From Fraud to Fintech: QuadrigaCX Twists Continue as it Emerges Co-Founder Is Convicted Fraudster
Michael Patryn, the co-founder of the controversial QuadrigaCX, has already been convicted and spent 18 months in a U.S. Federal prison for identity theft linked to credit card and bank fraud. He “underwent a remarkable transformation,” and changed his identity before entering the world of cryptocurrency.
Changed his Name Twice
Bloomberg claims to have records to show the man also has a criminal history in the United States and first changed his name to Omar Patryn with the British Columbia Government in March 2003 before changing it to Michael Patryn in the same province in 2008.
The revelation now adds a new twist to the mystery that surrounds QuadrigaCX whose closure earlier this year left over 115,000 clients wondering if they’ll ever recover their digital cash. Cotten, who died while traveling in India, is reported to have operated the exchange alone on his laptop, thereby throwing the platform into disarray.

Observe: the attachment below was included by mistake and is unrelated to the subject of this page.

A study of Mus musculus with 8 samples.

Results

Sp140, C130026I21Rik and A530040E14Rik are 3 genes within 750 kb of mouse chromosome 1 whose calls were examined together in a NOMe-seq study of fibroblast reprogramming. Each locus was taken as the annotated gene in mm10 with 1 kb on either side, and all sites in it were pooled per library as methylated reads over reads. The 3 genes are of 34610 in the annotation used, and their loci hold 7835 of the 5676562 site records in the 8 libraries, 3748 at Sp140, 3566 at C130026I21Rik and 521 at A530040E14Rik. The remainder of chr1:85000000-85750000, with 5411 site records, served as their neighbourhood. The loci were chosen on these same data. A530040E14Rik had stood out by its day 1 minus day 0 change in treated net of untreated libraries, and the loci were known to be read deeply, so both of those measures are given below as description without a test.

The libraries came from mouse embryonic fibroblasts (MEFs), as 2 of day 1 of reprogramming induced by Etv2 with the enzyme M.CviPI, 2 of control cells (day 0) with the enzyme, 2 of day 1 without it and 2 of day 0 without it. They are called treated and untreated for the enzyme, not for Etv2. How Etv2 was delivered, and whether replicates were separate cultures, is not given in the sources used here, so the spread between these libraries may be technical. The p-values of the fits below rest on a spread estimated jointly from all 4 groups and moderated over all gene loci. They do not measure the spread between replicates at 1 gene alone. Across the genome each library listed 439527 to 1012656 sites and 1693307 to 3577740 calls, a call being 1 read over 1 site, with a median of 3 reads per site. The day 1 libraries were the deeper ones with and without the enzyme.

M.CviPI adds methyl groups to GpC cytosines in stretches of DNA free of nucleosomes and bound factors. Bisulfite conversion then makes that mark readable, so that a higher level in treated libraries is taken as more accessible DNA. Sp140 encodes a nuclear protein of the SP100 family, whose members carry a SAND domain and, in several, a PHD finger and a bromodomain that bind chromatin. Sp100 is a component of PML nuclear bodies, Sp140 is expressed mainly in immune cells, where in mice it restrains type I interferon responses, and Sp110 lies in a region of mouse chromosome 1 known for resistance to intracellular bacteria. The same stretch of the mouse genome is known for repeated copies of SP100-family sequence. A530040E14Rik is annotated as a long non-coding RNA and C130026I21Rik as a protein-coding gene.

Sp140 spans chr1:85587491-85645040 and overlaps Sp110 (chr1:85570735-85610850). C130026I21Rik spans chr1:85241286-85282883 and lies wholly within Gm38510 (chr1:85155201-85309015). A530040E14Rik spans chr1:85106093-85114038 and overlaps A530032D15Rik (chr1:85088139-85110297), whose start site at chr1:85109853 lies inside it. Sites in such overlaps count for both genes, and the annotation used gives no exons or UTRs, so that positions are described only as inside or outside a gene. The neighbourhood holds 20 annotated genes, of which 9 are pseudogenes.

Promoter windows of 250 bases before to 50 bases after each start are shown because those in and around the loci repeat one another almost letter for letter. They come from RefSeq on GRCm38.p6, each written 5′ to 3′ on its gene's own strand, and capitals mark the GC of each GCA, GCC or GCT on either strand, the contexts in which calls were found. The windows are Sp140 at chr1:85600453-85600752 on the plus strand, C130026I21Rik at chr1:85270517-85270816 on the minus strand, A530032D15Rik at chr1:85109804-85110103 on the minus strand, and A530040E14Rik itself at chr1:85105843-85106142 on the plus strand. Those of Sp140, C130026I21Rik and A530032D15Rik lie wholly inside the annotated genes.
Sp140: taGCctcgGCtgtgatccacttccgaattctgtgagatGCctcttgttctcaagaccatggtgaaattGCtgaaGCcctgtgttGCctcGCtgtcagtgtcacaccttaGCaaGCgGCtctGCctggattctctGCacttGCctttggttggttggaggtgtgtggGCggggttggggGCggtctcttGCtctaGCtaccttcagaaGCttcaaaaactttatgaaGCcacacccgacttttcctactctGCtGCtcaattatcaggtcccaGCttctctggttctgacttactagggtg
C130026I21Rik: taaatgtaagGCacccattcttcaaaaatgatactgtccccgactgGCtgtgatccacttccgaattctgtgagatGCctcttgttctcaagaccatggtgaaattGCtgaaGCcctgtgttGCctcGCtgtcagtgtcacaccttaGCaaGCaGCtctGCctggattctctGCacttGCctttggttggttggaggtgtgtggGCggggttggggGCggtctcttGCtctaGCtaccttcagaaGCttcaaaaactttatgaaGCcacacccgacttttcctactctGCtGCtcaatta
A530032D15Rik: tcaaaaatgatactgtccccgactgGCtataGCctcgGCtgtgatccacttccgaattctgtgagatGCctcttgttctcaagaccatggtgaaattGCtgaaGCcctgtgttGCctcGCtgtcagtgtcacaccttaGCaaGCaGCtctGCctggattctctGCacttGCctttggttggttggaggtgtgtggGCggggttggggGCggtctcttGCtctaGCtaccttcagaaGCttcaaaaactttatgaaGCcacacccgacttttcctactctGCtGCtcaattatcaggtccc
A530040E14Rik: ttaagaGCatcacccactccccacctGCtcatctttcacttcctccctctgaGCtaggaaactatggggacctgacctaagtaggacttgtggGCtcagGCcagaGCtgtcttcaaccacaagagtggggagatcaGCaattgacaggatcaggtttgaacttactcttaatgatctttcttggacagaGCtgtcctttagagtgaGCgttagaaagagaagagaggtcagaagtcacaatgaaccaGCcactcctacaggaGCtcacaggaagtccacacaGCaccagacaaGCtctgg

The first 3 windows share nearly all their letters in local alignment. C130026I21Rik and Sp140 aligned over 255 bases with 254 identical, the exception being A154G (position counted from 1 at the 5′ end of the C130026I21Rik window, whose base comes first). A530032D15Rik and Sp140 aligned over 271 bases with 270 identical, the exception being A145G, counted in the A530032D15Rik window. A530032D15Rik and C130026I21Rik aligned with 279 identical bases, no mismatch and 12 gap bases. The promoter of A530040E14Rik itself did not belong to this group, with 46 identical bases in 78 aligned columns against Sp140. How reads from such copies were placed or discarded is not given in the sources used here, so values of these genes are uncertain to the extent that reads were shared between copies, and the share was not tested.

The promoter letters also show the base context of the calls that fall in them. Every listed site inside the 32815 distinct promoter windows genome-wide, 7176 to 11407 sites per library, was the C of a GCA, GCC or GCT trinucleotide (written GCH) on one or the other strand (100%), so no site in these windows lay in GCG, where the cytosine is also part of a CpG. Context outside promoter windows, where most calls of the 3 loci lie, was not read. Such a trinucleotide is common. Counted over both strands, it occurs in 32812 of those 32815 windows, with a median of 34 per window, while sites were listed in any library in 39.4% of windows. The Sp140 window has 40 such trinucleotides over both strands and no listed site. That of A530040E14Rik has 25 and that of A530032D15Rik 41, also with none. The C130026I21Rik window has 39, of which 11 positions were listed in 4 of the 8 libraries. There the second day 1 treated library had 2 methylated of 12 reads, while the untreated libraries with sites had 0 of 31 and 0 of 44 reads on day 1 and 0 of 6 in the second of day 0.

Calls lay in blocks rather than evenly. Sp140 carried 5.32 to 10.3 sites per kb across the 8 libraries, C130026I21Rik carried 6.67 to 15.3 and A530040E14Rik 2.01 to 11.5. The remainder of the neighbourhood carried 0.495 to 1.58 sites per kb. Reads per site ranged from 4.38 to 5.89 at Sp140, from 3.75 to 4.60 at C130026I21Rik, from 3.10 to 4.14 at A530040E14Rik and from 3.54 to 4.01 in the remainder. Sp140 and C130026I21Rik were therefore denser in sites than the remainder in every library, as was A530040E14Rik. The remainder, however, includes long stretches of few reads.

The firm was placed under court-appointed creditor protection in February with accounting firm Ernst & Young (E&Y) working to untangle the mystery surrounding the firm’s operations.
E&Y has since revealed that the cold storage accounts operated by QuadrigaCX and which held their clients’ assets had been emptied months before the CEO’s death. Over $145 million in crypto was found to be missing from the exchange by the time its CEO Cotton died in India from complications of Crohn’s disease in December 2018.
Served 18-Month Prison Term
Dhanani was charged severely after pleading guilty to conspiracy to commit bank and credit card fraud in 2005 and served 18 months in prison for some of his crimes before he was deported to Canada, where he tried to reinvent himself and got involved in cryptocurrencies.
The man who now resides in Vietnam and calls himself a fintech advisor and portfolio manager and who has served as a founder and chairman of Canadian blockchain incubator Ventures Group (FVG) told Bloomberg he left QuadrigaCX in 2016 following fundamental disagreements with the late Gerald Cotton over the exchanges’ plan to go public.
He told Bloomberg via email:
“On the day of our disagreement, I left the company and ceased being privy to operational decisions […] since that time; I have not been involved in the operations or management of any of the QuadrigaCX companies.”
The discovery deepens the QuadrigaCX saga, which recently saw Jennifer Robertson, the widow of the late founder of the exchange not only claim that Cotton used his own money to fund the exchange but went ahead to demand that the court repay her legal costs to the tune of $225,000.
Canadian regulators are planning to create new crypto-rules following the ongoing QuadrigaCX scandal.